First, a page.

The UK’s role in Afghanistan is to be examined by the British Parliament’s defence committee.
Two inquiries will look at issues including continued participation in the war and the reporting of civilian casualties.
The committee said launching the inquiries had been under discussion for some time. It said there was no link to the recent leaking of military documents that revealed coalition troops had killed hundreds of Afghan civilians in unreported incidents and detailed US concern that Pakistan secretly aided the Taliban.
British Prime Minister David Cameron, on a visit to India, addressed the Pakistan issue.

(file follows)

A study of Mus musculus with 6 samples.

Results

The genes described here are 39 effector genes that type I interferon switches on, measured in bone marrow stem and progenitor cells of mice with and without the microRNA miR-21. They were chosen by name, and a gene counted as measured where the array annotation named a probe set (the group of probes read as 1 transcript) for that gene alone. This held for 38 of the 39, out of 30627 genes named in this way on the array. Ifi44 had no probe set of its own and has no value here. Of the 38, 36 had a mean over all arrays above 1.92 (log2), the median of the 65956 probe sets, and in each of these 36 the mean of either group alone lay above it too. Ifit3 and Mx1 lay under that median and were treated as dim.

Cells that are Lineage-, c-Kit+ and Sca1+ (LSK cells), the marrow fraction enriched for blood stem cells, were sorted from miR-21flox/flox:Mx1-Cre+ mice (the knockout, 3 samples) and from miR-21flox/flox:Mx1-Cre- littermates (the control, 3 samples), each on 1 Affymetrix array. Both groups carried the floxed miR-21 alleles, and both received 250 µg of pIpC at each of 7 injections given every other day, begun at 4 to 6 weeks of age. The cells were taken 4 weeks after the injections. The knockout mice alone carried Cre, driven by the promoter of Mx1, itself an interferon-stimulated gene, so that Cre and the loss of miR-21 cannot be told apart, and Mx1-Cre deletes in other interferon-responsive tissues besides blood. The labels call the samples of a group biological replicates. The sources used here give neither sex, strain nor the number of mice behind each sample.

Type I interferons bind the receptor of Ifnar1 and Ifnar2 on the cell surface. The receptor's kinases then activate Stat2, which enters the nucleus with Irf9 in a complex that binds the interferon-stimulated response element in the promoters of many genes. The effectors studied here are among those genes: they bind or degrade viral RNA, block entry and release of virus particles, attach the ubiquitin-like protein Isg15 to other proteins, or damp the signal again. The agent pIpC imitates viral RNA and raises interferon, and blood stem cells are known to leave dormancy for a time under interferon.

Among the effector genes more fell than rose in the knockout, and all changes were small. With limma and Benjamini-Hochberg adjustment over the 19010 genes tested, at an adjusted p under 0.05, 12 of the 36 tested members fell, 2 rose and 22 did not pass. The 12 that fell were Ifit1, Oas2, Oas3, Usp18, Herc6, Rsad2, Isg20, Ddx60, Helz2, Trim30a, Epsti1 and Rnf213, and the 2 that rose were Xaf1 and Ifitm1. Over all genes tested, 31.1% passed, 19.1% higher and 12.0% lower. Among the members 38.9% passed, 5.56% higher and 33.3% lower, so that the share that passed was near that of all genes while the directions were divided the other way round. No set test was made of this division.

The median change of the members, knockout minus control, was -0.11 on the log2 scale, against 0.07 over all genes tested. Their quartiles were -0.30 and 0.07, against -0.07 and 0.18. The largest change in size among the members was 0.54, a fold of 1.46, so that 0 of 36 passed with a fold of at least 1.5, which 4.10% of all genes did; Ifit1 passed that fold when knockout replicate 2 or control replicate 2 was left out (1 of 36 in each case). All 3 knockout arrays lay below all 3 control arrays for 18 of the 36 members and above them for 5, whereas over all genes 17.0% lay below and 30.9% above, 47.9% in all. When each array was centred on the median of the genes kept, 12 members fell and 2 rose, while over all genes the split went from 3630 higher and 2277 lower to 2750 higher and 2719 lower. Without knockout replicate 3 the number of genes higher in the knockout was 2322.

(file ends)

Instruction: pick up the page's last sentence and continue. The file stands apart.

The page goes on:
He said: “We want to see a strong and stable and democratic Pakistan, but we cannot tolerate in any sense the idea that this country is allowed to look both ways and is able in any way to promote the export of terror, whether to India or whether to Afghanistan or anywhere else in the world.”
Cameron’s remarks come days after the publication of classified US military reports by whistleblower website WikiLeaks.
In Afghanistan, German Army Brigadier General Josef Blotz, a spokesman for the NATO-led force fighting the Taliban, called the leaks “inappropriate” and “unhelpful.”
He told reporters: “We strongly condemn these irresponsible leaks, but we assure you this unfortunate event will not impact our ongoing commitment to deepen our partnership with Afghanistan and Pakistan.”
The founder of WikiLeaks said some of the 92,000 documents that it got hold of and published show thousands of US attacks could be investigated for evidence of war crimes.